Guide to IT Service Desk APIs
Editor's note: This is a series on API-based integrations. Check out Merge if you're looking to add 20+ service desk and ticketing integrations with one ticketing API.
Service desks are an important software system of record for IT teams, helping them keep track of requests, respond to incidents, and manage system changes. As a core part of IT workflows, service desk APIs for products like Jira, ServiceNow, and Freshservice are commonly used to build integrations with internal systems and between SaaS products.
Read on for a guide on everything you need to know about IT Service Desk APIs:
- Top APIs - Which IT service desks are most popular
- Key concepts - How service desks work
- Data schemas - How service desk APIs organize IT data
- Use cases - Common ways service desk data is used in product integrations
- Getting started - Approaching service desk integrations to your product
Related: What is a ticket API?
Top IT Service Desk APIs
Service desks are commonly found in mid to large-size IT teams that need to track internal user requests. Common tools focused on the broad market from SMBs to enterprises include Jira, which has a Service Management version of their popular project tracker, Ivanti, and Freshservice. Enterprise-focused tools are more commonly found in Global 2000 companies, with the leading service desks in this segment being ServiceNow and BMC Helix.
IT service desks are commonly used in conjunction with other ticket tracking software, such as project management tools. For more on these APIs and integrations, check out the Guide to Project Management APIs (Asana, ClickUp, Monday, and more) and the Guide to Software Project Management APIs (Github, Gitlab, Jira, and more).
IT Service Desk API Data Schemas
Service desks are a system of record for incidents (aka Tickets) that represent a task or issue to resolve. Tickets come in several types relevant to service desks, including 'incidents', 'problems', and 'changes'. Tickets also have statuses that they progress through as they are resolved, attachments, and tags.
Tickets may have Comments associated with them as the contact and assignees (or multiple members of the IT team) communicate back and forth. Comments also contain a body of text or HTML.
Each ticket is related to a contact that generated the support request and has assignees that are the IT team members responsible to resolve the issue. Internal users being helped are represented as Contacts, which include their name, email, and phone number. The Contacts may belong to Accounts that represent departments or parts of an organization.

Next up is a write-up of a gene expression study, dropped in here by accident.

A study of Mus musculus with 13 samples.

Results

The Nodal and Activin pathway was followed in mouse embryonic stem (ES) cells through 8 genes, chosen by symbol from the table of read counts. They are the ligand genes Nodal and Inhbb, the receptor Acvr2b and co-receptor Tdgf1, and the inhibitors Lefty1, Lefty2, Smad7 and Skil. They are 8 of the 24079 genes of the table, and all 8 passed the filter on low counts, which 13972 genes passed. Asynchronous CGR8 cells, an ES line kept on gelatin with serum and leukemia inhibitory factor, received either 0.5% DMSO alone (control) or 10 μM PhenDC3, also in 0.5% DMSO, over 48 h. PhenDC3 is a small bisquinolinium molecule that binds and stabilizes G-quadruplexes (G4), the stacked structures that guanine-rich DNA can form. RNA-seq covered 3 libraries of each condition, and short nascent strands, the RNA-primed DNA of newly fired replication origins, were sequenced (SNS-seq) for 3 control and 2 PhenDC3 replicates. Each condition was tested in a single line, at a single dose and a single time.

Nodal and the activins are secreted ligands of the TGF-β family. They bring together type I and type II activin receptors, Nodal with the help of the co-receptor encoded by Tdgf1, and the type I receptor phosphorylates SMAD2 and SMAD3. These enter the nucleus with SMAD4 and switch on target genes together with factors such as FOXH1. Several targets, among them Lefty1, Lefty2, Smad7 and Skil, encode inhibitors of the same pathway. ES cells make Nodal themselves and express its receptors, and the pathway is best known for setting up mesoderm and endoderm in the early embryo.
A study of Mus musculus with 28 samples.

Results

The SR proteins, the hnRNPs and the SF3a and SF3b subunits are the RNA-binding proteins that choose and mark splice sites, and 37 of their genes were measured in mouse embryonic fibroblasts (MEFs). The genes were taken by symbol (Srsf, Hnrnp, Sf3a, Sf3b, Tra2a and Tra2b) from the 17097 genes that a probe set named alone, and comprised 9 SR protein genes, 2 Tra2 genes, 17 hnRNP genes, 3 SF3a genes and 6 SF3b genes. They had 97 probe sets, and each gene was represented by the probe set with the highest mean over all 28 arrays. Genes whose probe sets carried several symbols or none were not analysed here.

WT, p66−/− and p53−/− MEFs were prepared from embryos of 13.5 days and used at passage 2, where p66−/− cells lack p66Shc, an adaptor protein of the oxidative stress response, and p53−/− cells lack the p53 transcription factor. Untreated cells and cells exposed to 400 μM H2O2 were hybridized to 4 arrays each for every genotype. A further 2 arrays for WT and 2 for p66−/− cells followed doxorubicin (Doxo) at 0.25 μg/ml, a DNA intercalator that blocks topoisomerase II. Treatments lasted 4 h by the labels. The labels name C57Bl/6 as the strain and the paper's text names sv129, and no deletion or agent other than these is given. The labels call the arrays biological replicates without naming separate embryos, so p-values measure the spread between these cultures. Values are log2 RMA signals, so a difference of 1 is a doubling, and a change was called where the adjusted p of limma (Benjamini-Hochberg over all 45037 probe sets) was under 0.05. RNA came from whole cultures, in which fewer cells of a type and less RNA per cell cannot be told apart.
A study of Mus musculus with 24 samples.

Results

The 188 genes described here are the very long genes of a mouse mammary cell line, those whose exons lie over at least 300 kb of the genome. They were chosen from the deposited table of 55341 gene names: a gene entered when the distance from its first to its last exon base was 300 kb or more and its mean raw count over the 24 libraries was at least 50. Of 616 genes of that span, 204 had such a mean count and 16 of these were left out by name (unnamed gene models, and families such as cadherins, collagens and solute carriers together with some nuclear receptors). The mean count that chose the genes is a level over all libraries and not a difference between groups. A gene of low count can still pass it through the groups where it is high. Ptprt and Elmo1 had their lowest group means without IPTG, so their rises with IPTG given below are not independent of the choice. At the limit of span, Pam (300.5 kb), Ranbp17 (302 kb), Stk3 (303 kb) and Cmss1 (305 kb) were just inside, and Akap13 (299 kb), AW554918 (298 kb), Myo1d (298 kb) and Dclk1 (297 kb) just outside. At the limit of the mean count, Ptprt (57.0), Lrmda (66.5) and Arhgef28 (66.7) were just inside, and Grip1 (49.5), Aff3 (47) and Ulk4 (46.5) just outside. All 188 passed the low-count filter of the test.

Top IT Service Desk API Use Cases
Source code management and CI/CD
IT service desk systems often act as a system of record for major service changes, including code changes. Integrations with SCM (source code management) and continuous integration and deployment (CI/CD) systems makes it seamless for IT teams to keep a record of changes and approve or deny them if necessary.
Examples: Github, Gitlab, Bitbucket, Jenkins, SonarQube, Snyk, Jfrog, Harness, CircleCI
Asset, device, and endpoint management
IT ticketing systems commonly integrate with security tooling to create tickets when vulnerabilities are detected, sync data about the relevant device or service to the ticket, and update lists of assets.
Examples: Microsoft SCCM, Jamf, Cloudstrike, Qualys, Tenable, Kandji, Sophos
IT service desk systems have tight integrations with compliance management systems, including the ability to create tickets to track compliance tasks, updating tickets on the risk or vulnerability, and linking resolved tickets for evidence of compliance.
Examples: Vanta, Drata, Tugboat Logic
Monitoring and logging
Monitoring systems are a first line of detection for IT issues. Integrating these systems with IT service desks allows for generating tickets based on monitoring alerts and updating or closing those tickets as alerts are resolved.
Examples: Datadog, Logic Monitor, NewRelic, AppDynamics, Dynatrace, Azure, AWS, Splunk, SolarWinds
Incident management systems are a natural integration point for service desk software. These integrations often include the ability to create new tickets from an incident, sync status updates and comments, and sync on-call schedules to facilitate quick response and clear record keeping.
Examples: PagerDuty, xMatters, Opsgenie, Statuspage
Getting Started with IT Service Desk APIs
In addition to understanding IT service desk API schemas, you’ll also want to keep in mind a few additional topics as you start building:
- API format - REST, SOAP, etc.
- Rate Limits
- Test Accounts
If you don’t want to manage differences between each help desk API, you can use a unified API. Merge unifies multiple IT service desk APIs into one, making it easy to integrate your app with every vendor that your customers use. The Unified Ticketing API is REST-based, with common authentication, pagination, and rate limiting. It also includes automated logging and issue detection to make integration maintenance painless.